Today, the Monday after the Super Bowl, is the day football pundits weigh in on the game. It’s also a day for advertising "experts" to rank the ads.
My local newspaper, The Charlotte Observer, asked local advertising executives to choose their favorite Super Bowl ad. Here’s the article.
Predictably, none of these "experts" even mentioned ROI. That’s because most of Charlotte’s advertising community is brand-oriented so they're more concerned about "brand authority" and they're not so concerned about how much money an ad actually generates.
I work in advertising as a direct response copywriter but I watched the game for … the football. I love football and study the game. Personally, I would have run a lot more 12 and 22 formations against the Seattle defense. But there you go.
And yes – I can tell you all about 12 and 22 formations. Denver goes with a lot of 11, which obviously didn’t work.
But I watch the ads in the Super Bowl because I’m in advertising. I was especially keen to see the Squarespace ad because I use and like the platform.
My reaction to the ads is the same every year. They all fail. Place them all in the “L” column. I may have missed an ad that asked for a measurable response but here’s the salient question: “which ad produced the highest measurable response?”
That’s the winner.
And no, a Super Bowl ad that makes a YouTube video "go viral" is not a success unless you have way to measure revenue.
Last week, a well-known ski resort breathlessly tweeted about an award for an ad campaign. My reply, “Congrats on the award. What was the ROI?”
Turns out results were not measured.
"Why not?" I would ask if I were the big banana/CEO.
In my world, direct response copywriting, my job is to write copy that produces revenue for my client. I’m accountable. The copy goes live or gets into a mailbox and everyone knows the results. I recently wrote a promotion for a golf company that generated $1.6 million in sales.
I’ve had my failures, too. But the smart direct marketers accept failure as part of discovering what’s going to work.
Last night, I saw hugely contrived ads striving to be shocking, funny, clever, witty, or touching. The ads quickly became a miasma of mixed metaphors, bizarre images, strange connections, and pure pulp. The “experts” who created these ads gave me a migraine-inducing mix of bad Saturday Night Live comedy combined with a vomituous surrealism that wins awards, but not customers.
Even Luis Buñuel must be scratching his head.
So you liked the Doritos ad? Are you rushing to the convenience store with your credit card to buy 12 bags of Doritos? You liked Newcastle's strategy? Drinking one now? Going to buy a keg of Newcastle tomorrow?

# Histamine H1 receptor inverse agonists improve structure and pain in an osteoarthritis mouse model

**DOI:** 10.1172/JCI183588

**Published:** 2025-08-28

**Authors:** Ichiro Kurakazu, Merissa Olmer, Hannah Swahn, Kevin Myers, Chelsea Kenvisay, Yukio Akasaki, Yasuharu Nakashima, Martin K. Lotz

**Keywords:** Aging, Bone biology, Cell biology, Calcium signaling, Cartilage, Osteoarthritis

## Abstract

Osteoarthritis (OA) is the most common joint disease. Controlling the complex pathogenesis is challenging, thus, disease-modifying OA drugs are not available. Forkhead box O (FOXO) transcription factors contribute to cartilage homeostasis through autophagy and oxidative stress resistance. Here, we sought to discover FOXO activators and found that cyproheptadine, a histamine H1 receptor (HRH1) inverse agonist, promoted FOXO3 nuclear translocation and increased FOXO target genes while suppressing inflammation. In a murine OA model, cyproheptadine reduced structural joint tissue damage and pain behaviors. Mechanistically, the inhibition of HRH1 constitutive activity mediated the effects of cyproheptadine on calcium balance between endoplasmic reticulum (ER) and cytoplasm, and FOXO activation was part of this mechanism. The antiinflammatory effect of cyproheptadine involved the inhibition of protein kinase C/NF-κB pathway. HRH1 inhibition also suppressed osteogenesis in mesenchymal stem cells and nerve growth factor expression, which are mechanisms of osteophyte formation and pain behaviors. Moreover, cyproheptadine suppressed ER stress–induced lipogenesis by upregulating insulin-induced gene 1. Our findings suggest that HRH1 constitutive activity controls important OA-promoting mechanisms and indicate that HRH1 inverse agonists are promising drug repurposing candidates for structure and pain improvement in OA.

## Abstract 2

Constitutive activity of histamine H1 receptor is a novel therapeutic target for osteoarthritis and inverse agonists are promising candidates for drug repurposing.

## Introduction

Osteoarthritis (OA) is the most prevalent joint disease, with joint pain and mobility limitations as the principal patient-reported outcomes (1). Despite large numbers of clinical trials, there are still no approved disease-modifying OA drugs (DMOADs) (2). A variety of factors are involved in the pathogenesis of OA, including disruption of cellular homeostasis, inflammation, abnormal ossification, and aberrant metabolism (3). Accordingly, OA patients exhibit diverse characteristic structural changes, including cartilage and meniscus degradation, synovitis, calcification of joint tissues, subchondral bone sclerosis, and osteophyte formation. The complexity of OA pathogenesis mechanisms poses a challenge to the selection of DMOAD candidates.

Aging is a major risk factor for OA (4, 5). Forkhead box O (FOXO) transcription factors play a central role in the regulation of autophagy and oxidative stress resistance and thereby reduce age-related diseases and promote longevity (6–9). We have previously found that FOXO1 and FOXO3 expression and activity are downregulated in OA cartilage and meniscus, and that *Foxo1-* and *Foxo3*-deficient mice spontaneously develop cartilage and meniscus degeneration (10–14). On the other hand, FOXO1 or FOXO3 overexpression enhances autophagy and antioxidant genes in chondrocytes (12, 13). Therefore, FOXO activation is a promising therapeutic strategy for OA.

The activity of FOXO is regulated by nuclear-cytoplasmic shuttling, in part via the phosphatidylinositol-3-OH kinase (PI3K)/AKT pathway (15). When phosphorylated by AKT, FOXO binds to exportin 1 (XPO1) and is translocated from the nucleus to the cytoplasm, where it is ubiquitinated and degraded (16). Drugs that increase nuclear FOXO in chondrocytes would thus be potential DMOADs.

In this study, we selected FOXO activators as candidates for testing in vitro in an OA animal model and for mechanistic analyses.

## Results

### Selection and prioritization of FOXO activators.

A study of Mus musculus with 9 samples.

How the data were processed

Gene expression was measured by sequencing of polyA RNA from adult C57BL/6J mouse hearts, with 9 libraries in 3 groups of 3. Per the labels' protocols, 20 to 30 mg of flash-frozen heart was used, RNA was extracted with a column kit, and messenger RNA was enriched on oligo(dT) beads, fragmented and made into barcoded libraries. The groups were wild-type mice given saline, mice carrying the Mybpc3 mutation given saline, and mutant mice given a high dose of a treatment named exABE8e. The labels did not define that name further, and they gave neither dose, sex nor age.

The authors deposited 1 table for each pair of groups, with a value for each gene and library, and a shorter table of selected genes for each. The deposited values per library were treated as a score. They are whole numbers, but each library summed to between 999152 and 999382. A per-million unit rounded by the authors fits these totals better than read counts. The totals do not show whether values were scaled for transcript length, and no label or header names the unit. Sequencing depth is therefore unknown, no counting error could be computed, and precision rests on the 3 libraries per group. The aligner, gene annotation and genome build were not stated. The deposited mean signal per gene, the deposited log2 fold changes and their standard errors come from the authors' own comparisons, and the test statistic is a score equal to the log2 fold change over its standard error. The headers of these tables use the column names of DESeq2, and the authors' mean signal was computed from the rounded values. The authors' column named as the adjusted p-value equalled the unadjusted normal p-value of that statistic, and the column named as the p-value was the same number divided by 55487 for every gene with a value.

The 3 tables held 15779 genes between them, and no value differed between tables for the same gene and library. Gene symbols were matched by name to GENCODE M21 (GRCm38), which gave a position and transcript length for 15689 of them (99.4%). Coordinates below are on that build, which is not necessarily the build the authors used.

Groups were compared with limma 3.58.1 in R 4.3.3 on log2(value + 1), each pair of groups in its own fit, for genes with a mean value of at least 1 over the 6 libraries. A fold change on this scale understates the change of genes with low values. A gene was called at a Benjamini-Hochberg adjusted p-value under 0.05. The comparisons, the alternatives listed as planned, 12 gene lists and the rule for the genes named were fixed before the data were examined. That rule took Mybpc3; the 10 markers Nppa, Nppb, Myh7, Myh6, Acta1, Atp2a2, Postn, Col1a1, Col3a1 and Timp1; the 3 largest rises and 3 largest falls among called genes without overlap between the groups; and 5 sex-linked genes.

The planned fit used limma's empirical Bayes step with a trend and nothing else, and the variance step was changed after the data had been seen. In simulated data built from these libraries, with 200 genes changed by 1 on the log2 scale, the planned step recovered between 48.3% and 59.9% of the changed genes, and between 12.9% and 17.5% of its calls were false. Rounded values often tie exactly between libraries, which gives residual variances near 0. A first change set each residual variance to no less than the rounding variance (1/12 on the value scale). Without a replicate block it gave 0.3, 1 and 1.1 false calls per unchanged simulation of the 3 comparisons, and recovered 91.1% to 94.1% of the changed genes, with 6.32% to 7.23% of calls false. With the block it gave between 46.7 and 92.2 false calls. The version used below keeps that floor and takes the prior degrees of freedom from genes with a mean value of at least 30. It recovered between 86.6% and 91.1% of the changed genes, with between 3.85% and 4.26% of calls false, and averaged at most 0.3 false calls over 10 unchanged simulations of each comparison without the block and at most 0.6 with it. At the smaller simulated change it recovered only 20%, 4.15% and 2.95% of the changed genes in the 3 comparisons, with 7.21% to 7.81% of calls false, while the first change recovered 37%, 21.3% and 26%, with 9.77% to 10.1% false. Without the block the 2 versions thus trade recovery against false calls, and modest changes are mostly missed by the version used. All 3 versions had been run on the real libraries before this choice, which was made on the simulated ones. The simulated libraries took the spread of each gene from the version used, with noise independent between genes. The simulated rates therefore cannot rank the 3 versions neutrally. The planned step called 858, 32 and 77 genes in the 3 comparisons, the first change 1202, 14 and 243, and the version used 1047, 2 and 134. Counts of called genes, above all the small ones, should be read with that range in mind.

What were the people at Maserati thinking? Do the few people who can afford this car really want a bizarre feel-good message? NO! They want to look cool and/or join an exclusive club and/or go from 0-60 in under 4 seconds. Plus they probably want a powerful concert hall-quality sound system. If the buyer is young, male, and wealthy, he's buying the car to annoy his friends and impress potential dates.
Give me a list of people with the right demographics and psychographics and I’ll write six letters that will generate tons of qualified leads for Maserati salespeople. And I'll start by asking Maserati salespeople why people buy the car. How's that for strategy?
And what were the people at Squarespace thinking? As I mentioned earlier, I love Squarespace and regularly recommend the platform to friends and colleagues. I choose Squarespace for the service, the ease of use, the community of web developers who can fix my HTML mistakes(!), the rock-solid “back room” stuff, and the sensible price. I believe the platform has helped me rocket up the SEO rankings.
The Squarespace ad, quite frankly, gave me the creeps and made me question what the company is really trying to achieve.
For the same money spent on the ad and the media, a competent direct response professional could have generated a measurable – and superior – response. Send traffic to a web page I'll write about Squarespace and I’ll smash the ROI from that look-away-awful TV ad.
I bet you 12 bags of Doritos and a pint of Fuller’s London Pride at The Churchill Tavern on E. 28th I can outperform your Super Bowl ad. Or give me a percentage of the sales from the landing page. I'm a direct response copywriter. I will happily work on a royalty.
Everyone in advertising can agree David Ogilvy knew what he was talking about. If you can’t stand what I’m saying, watch the video below. NOW.
While those of us in direct response are busy generating revenue, and being accountable, you guys in the branding world are “worshipping at the altar of creativity” (as Ogilvy so beautifully puts it) and wasting billions on advertising that fails to produce even a fraction of the ROI we in the direct response world can produce.
Want proof? Watch the Super Bowl ads again.
I'm a direct response copywriter. I specialize in providing direct response copy for the direct marketing environment for clients around the planet. I specialize in sales page copy, landing page copy and copy that persuades readers to pull out their credit card and buy. Enter your info to the right for my free series: Seven Steps to High Converting Copy. Or contact me here if you have a project you'd like me to quote.
I'm also a Dan Kennedy Certified Copywriter for Info-Marketers.
Disclaimer for the above.
The Dan Kennedy Copywriter for Info-Marketers Certification is awarded to professional copywriters who have successfully completed a course of study of preparation for such copywriting. This Certification has not been provided by an accredited education institution. It does not constitute endorsement of or liability for any individual copywriter by Mr. Kennedy or any companies or organizations affiliated with Mr. Kennedy. The client's relationship is solely with the individual copywriter retained via any agreement.